Monster Worldwide, whose job-hunting websites suffered a massive data breach, has shut down a rogue server that had been used to gather personal details of job seekers.
The server contained the stolen names, addresses, phone numbers and email addresses of people who used Monster's service. The company was still determining the number of people affected by the breech this week and did not disclose the location of the server.
The Monster incident is one of a growing number of prominent data breaches highlighting continuing difficulties with Internet security.
Hackers obtained the log-in credentials for companies seeking employees and used the credentials to access Monster.com's database of job seekers. An automated Trojan, dubbed Infostealer.Monstres by security vendor Symantec, then transmitted the personal information to the rogue server.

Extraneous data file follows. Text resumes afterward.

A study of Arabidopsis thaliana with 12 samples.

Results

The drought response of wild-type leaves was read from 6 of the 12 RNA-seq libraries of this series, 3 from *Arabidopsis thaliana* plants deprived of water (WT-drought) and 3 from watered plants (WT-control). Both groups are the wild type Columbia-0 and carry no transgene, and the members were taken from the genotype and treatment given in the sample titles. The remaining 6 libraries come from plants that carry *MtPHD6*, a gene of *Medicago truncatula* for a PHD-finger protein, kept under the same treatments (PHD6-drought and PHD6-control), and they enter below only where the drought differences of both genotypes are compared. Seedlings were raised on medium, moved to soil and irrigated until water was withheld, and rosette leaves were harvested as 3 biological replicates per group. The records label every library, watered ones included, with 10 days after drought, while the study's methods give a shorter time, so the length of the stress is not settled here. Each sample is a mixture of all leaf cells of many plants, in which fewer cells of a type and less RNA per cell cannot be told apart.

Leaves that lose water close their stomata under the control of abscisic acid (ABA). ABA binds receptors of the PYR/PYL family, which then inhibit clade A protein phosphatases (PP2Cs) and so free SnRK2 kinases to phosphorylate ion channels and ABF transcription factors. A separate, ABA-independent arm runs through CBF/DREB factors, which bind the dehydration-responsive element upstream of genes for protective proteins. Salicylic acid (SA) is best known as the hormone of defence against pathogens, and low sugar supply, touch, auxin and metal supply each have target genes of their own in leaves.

Symantec said earlier in the week it had found a server containing 1.6 million records belonging to hundreds of thousands of Monster users, mostly in the United States. It is still unclear if the server Monster shut down is the same one that Symantec found. A Monster spokeswoman contacted in London could not provide more information.
As part of a multi-step attack, the job-seekers were then sent emails with links to at least two kinds of malicious software. One tries to collect login details for financial sites, and the other is designed to encrypt data on a PC, asking for a ransom to decode the data.
Monster said it will contact the people believed to have been affected by the attacks. It also posted an example of what a phishing email looks like on its website.
"Regrettably, opportunistic criminals are increasingly using the Internet for illegitimate purposes," the company said in a statement.